27 gennaio 2015
Questa è una sezione interamente scritta in inglese e dedicata ai turisti stranieri dove, all’interno, troverete delle “pillole” informative su appuntamenti, eventi, storia, personaggi, cultura, sport e curiosità del nostro splendido territorio: la provincia di Pesaro e Urbino.
Alcuni degli articoli che troverete saranno a cura della blogger pesarese Simona Ortolani che, da quattro anni, cura un blog di promozione territoriale in inglese con l’intento di far conoscere la provincia di Pesaro e Urbino attraverso gli occhi di un’italiana doc e le sue esperienzie di vita ‘quotidiana’.
Il nome del suo blog trae spunto dai famosi versi di goethiana memoria: ‘conosci la terra dove fioriscono i limoni?’ – where lemons blossom, appunto (www.wherelemonsblossom.it)
“I love PU” is a section written entirely in English and dedicated to foreign tourists, where you will find short report on appointments, events, history, people, culture, sport and curiosity of our beautiful territory: the province of Pesaro and Urbino.
The Sephardic synagogue in Pesaro
I’ve already written a few times about the Sephardic sinagogue in Pesaro, dating back to the 16th century, and about Pesaro old Jewish Ghetto (its narrow streets are my favourite scenario when I feel like walking alone with the sole company of my thoughts).
However, today I would like to share with you a few pictures of the inside of the synagogue which I took yesterday afternoon.
Following is a brief history of the synagogue that I owe to Pesaro Musei (by the way, I would like to thank the personnel of Pesaro Musei who kindly welcomed me yesterday allowing me to take pictures).
The Synagogue (text provided by Pesaro Musei)
For security reasons there is nothing on the exterior to suggest the religious function of this brick building.
The men’s entrance is on the south-eastern front facing Jerusalem. Next to this, though smaller, is the women’s which leads directly up a staircase to the women’s gallery (…)
On the ground floor are an oven, a bath for the purification of worshippers, and a well. Water – a very important purifying element – runs back into the fountain at the end of the entrance corridor used for the washing of hands.
The Prayer room on the first floor follows a bipolar arrangement whereby The Ark (Aròn) and Pulpit (Tevàh) stand opposite one another against the walls at each end. The entrance to the room is placed under the pulpit. This particular position, a characteristic shared only by the synagogues of Ancona, Carpentras and Cavaillon in France and Safed in Palestine, all of which follow the Spanish rite, is such that those who enter face both the Aròn and Jerusalem.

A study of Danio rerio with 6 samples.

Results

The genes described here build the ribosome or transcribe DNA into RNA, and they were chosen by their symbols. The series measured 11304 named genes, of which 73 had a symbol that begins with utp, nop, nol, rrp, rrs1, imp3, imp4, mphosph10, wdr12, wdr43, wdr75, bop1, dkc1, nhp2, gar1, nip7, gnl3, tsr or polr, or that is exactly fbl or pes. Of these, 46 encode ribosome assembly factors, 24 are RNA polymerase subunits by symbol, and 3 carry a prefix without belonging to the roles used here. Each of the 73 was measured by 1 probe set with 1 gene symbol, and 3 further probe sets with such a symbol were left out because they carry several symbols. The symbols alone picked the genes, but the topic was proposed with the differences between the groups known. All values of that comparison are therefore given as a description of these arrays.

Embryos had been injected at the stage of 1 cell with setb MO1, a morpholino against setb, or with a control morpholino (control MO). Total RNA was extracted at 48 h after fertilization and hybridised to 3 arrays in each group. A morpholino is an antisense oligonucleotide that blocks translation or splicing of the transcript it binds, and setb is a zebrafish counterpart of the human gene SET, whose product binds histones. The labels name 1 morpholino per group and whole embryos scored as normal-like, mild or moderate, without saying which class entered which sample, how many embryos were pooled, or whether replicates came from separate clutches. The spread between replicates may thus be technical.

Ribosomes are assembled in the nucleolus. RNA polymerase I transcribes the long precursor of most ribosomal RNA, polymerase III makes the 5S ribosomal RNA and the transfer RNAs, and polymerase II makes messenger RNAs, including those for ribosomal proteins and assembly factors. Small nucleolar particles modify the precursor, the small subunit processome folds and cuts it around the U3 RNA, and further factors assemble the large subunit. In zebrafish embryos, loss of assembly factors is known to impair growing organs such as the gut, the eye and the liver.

The most valuable works once adorning the room have unfortunately been removed and are now to be found in synagogues still open for the worship: the Ark in Livorno, the platform of the pulpit in Ancona, the grating of the women’s gallery at Talpioth (Jerusalem)
The Ark, a sort of closet containing the sacred textes (long strips of rolled parchment on which the Pentateuch was transcribed) stood in the eastern wall opposite the entrance (…)
At the other end rose the complex tevah with its double staircase of 15 steps, as in the Temple of Jerusalem. Its raised gallery was large enough to accomodate both the officiant and, in the Sephardic tradition, the members of the choir (…) To the sides of the pulpit gallery two 19th century tempera paintings depicting on the left the Sancturay of Jerusalem and on the right the Jewish camp at the foot of Mount Sinai.
The women’s gallery runs along the wall on the left of the Ark, its view of the room protected by two orders of windows shielded by wooden gratings carved in the form of tiny stars of David (…)
The ceiling is decorated with alternate rosettes and garlands of oak. The latter are clearly a mark of the Sephardic Jews’ gratitude to the Della Rovere Lords of Pesaro for decades of relatively tranquil existence.